Wouldn't it be lovely to be smug? How satisfying it must feel to be so complacent and pleased with yourself that you can go to bed every night thinking nothing more than "well done me". As someone who goes to bed every night thinking "oh well" or, occasionally, "pffff", I'd quite like some of that.
I first became aware of the concept of smugness in primary school. Every day in assembly I sat behind the same girl in my year. She was bright, she was keen, she excelled at netball (I, on the other hand, excelled at getting hit in the face by the ball whilst missing the net entirely), she always had her hand up in class, she didn't spend lunchtime playing perilous chasing games with the boys, preferring to stand in a circle of giggling girls, making up dances to chart songs, and to top it all off she had smug hair. You know what smug hair is, right? There's a girl with it in every class. Every morning, her mum sent her to school with a perfect french plait, and every afternoon she went home, hair still in that perfect french plait and not sticking out in all directions. My mum couldn't even do a french plait and even if she could, a) she would never have had time to do one before school because we were always late and b) I have the sort of hair that defies all attempts at restraint and gets dishevelled just by being looked at, so it would have been a futile gesture. There is a woman who lives on the same road as me who has smug hair (shiny, perfect, straight, probably looks that way when she gets out of bed). She is also skinny and perfectly groomed even though she has a little girl (with perfect french plait of course), a toddler and a baby. I can't even find a pair of jeans without a snail trail of PVA glue all over them in the morning and I only have one child. What hope is there for me? I hate her a little bit. OK, quite a lot.
Smugness looks like a perfect french plait. It smells of freshly baked bread with a hint of furniture polish. It is the sound of a child playing happily in one designated corner of the room and not breaking anything, having put the toys it was playing with before that away in one of the colour co-ordinated stacking boxes. It tastes of peppermint tea made with freshly boiled water and mint just picked from the garden, brewed in an Emma Bridgewater teapot. If smug was a person, it would be Annabel Karmel, or that Gina Ford cow.
My life looks like something fell off a high shelf and exploded. It smells and tastes pretty much of Batchelors Pasta n Sauce made in a saucepan with the non stick surface coming off in flakes, and last time I tuned in, the main sound was Ringo Starr narrating Thomas the Tank Engine.
I went to bed last night having failed (as usual) to provide a mouthwatering Sunday lunch for my husband and child. Instead, I only remembered that food was a necessity at around 6.30 (by which point most of the children of my Facebook friends were in bed according to their status updates. Gah) and produced a nutritious tea of fish fingers, tinned spaghetti and frozen sweetcorn for all. And the tinned spaghetti was from Aldi. Having also failed to do any housework, and after the maggot in the chutney incident of a couple of days ago, I decided that I had some ground to make up, so this morning when I woke at 6.15, I decided to go in pursuit of the smugness that so often eludes me.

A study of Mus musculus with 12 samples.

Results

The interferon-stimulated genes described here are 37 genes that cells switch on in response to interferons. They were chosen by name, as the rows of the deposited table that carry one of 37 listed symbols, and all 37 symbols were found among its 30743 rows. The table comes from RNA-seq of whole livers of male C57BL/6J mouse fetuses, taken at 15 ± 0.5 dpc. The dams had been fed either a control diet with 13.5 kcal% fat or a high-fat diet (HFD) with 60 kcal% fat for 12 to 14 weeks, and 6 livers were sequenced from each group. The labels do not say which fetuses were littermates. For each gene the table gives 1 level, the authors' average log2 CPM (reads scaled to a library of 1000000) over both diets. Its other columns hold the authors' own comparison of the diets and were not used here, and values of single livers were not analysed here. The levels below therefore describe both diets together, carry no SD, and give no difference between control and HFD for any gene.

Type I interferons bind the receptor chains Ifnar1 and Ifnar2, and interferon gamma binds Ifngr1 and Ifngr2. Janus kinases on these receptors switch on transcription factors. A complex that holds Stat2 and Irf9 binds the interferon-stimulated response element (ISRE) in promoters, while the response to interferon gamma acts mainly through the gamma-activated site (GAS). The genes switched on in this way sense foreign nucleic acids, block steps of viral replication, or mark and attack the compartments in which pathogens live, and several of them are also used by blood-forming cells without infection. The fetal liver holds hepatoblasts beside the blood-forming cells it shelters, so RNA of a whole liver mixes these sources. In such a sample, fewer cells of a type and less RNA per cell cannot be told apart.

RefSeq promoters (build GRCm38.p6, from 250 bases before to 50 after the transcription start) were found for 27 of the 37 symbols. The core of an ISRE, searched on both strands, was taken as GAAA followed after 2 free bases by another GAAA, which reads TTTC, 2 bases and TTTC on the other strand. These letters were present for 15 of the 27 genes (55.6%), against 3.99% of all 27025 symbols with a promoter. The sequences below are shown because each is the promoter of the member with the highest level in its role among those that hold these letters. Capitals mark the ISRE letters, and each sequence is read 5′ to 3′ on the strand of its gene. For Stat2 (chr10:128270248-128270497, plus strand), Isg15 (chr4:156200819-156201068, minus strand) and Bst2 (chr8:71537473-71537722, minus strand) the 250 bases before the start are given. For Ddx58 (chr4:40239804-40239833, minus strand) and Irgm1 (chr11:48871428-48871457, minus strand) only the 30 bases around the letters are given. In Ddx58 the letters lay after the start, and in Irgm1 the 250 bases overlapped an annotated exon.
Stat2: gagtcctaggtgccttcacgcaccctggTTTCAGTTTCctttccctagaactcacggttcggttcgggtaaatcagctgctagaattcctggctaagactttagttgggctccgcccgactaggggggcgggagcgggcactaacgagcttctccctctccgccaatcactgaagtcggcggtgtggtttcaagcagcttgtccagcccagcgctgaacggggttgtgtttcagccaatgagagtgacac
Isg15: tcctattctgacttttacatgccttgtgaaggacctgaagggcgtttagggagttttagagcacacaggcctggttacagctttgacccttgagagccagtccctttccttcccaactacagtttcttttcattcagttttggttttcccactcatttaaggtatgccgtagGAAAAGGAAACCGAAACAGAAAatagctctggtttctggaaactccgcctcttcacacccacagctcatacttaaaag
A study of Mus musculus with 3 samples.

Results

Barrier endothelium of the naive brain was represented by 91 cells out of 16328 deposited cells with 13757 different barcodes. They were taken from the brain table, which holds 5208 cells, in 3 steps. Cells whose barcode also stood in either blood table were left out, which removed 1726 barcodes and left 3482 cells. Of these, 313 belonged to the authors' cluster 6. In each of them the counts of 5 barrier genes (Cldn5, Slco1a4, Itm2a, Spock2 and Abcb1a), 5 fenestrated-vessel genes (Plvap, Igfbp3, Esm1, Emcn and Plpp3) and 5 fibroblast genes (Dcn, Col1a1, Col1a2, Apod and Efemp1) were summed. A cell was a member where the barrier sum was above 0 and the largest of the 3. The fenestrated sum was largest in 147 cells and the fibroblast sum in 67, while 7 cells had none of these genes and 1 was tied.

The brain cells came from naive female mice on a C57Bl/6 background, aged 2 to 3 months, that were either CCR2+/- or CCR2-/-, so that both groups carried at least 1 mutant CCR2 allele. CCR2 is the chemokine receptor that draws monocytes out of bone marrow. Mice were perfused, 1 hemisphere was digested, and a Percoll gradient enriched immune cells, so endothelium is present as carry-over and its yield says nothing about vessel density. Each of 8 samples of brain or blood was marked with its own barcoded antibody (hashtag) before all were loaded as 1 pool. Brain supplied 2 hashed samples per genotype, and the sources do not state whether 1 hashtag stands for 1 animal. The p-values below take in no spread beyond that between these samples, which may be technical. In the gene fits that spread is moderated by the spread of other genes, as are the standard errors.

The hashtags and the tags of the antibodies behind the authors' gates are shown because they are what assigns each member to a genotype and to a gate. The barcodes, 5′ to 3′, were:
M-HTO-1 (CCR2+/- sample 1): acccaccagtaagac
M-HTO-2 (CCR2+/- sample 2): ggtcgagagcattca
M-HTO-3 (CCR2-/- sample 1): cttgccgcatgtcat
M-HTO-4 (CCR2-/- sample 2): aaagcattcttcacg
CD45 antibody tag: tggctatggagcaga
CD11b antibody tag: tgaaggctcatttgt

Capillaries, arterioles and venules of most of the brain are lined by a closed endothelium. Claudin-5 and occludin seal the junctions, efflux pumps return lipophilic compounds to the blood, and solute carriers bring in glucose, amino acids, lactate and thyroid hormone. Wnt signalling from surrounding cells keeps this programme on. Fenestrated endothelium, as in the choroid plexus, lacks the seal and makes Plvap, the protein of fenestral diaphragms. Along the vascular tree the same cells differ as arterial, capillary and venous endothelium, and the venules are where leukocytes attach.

Fifteen minutes later I was kneading bread dough in the kitchen. Half an hour after that I had apple compote bubbling away on the stove while the bread proved by the radiator. Within an hour, I'd done all the ironing and the bread was in the oven. At this point I opened the kitchen window a crack because I could see John From Next Door in his garden and I wanted the scent of freshly baking bread and apple and cinnamon to waft out towards him because last time he saw me I was in the garden getting the washing in, swearing disgustingly as I dropped it all in the mud and screaming like a fishwife through the back door at Rory to take his willy out of his Petits Filous. Take that John From Next Door: I am Nigella Goddamn Lawson and I am very smug about it. See how I got up before everybody else and made bread? See how I concocted a delicious preserve using freshly picked apples? See how...oh bollocking Nora, I've set the oven gloves on fire again.
At this point, Richard and Rory came downstairs, sniffing their air appreciatively. Rory immediately set about sitting on his potty and crimping off a massive Mister Whippy shaped turd which had the effect of killing all delectable kitchen aromas stone dead. Meanwhile, Richard walked into the kitchen, looked about and said "It's a mess in here isn't it?" I said nothing but have mentally added it to my list of unreasonable things that he has done for future use in the divorce courts, along with bringing me home a present of an out of date yoghurt from the fridge at work which nobody else wanted and teaching Rory to say "crack on mummy" when he asks for something.
The bread didn't rise properly and sat in our stomachs like a soggy brick. I washed mine down with a swig of Diet Coke from the bottle then went in search of biscuits. I give up. I am the anti-smug. Who wants to join me?